According to the American Foundation for Suicide Prevention, in any given month about 4,000 Americans will commit suicide. Young people are particularly vulnerable. Suicide is the second leading cause of death for people aged 10-34. A new study from the University of Florida finds that suicide rates among young people are higher than previously reported, and that suicide among young women is much higher than previously thought.
The University of Florida researchers used a new epidemiological method called age-period-cohort analysis. It allowed the researchers to look at suicide rates within a particular time frame and determine whether suicide rates were increasing over certain eras. They found after the year 1995, there’s been a steady increase in younger generations committing suicides among both young men and women.
September is suicide awareness month and groups like the National Alliance on Mental Illness are getting the word out about warning signs among children. Dr. Anna Shustack is a licensed clinical social worker and serves on the Board of Directors at NAMI. Patricia Timmerman-Barbosa DeSilva is the Executive Director of Advocate2Create and a licensed mental health counselor. They spoke with Luis Hernandez about warning signs to look out for and how parents can approach such a sensitive topic with their loved ones.
WLRN: Mrs. DeSilva, you talk to survivors, and these are people who are related to those who do commit suicide. What do they tell you about what they've learned from their experiences?
DeSilva: Survivors of suicide - which is an interesting name, because you always think it's a person who has attempted suicide, but 'survivors' in the grief world refers to people surviving the loss of a loved one. And the word surviving is really imperative because you learn to exist. Your time is very different from those around you. It feels like it just happened yesterday, and a lot of the things that I hear a lot, "Now I see everything that I didn't see before, now I can see the blanks there in their eyes that I didn't see before."
When we talk about depression, and I say depression is very different because just like different kinds of cancers they do different things to your body. Depression is very similar in that there are some that are constant, and people learn to live with it, and there are some that go peak and go down and up and down. And one of the things that I hear a lot from parents or siblings or spouses is, "I see their sadness, and now I have a really difficult time knowing when they were truly happy or if they had a mask on for us."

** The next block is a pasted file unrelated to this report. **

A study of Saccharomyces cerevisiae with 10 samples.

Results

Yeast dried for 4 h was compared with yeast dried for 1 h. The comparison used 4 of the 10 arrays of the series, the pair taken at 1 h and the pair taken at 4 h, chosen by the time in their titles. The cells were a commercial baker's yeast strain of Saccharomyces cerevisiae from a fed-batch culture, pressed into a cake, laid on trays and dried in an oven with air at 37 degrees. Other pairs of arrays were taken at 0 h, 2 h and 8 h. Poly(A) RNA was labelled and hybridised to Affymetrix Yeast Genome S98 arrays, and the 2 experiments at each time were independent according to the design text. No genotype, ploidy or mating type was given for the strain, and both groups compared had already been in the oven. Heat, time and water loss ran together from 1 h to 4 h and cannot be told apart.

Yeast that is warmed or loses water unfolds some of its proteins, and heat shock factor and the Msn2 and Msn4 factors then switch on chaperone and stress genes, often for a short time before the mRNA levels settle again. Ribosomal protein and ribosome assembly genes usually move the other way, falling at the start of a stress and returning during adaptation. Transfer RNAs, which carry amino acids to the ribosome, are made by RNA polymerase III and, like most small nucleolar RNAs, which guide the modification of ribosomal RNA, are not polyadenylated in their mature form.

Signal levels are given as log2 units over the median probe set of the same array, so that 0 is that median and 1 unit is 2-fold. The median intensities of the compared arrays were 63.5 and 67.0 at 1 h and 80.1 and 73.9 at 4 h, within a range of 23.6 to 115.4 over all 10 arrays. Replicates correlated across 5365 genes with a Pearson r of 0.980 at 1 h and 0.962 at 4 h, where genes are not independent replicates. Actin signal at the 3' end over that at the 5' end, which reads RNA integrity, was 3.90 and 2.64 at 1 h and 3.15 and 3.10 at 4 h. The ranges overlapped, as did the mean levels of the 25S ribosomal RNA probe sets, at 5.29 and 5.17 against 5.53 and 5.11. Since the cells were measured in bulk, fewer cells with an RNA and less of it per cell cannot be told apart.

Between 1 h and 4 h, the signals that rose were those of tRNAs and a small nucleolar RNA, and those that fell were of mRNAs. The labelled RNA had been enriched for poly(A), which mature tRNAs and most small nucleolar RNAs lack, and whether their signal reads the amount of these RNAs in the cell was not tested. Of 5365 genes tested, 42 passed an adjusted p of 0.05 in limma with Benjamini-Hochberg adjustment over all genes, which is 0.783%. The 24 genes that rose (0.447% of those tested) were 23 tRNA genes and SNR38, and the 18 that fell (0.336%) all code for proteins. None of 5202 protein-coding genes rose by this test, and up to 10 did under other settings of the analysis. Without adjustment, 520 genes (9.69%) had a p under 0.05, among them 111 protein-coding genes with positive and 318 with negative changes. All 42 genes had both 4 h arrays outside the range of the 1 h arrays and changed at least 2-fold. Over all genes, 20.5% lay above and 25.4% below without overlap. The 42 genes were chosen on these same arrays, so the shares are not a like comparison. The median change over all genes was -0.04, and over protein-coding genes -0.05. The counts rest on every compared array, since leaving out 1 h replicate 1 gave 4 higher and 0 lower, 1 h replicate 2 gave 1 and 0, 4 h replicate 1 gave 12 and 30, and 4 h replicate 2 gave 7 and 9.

Dr. Shustack, where do you start with parents? How do you start helping them to even begin the process of speaking with their children about suicide?
Dr. Shustack: Well, I mean, it depends if you're talking one-on-one -let's say counselor, therapist to parents - you would want to have them open up about what they see going on so that you could share with them what you see as maybe problematic. But I'm seeing it also as a question of allying with teachers. For example, (at) NAMI we're about to start a program called "ending the silence" in the high schools for students where parents and teachers will work together on identifying students who may be at risk and trying to reach out to those kids. The most important thing that can help a child is that their parents can take them for the therapeutic help that they need.
That really can't be almost anybody else but the parent. Because the parents will have an active role in making sure that's done. So you need to have trust and there needs to be less fear about bringing this up in the open. (Suicide) is not contagious because you talk about it.
Dr. Shustack, how do you tell if somebody is having a really bad day or if there's something seriously going wrong?
I think ongoing behavior and behavior that gets more exaggerated and more problematic. And I also think that parents need to validate their child and their child's experience as opposed to sort of doing the "pull up your bootstraps" - you know, you have a happy life and you should just go on with it and get on with it. You have to validate, and from doing that you will have a more honest conversation and be able to tell whether the level of depression is truly a level requiring professional help.
If you or someone you know needs help, there's a number of available free resources for support. You can always text 741741 to go to www.crisistextline.org to speak with a trained crisis counselor. Or you can call into the National Suicide Prevention Lifeline: 1-800-273-8255. If you're seeking support groups in Miami-Dade and Broward, you can go to the Florida Initative for Suicide Prevention: https://fisponline.org.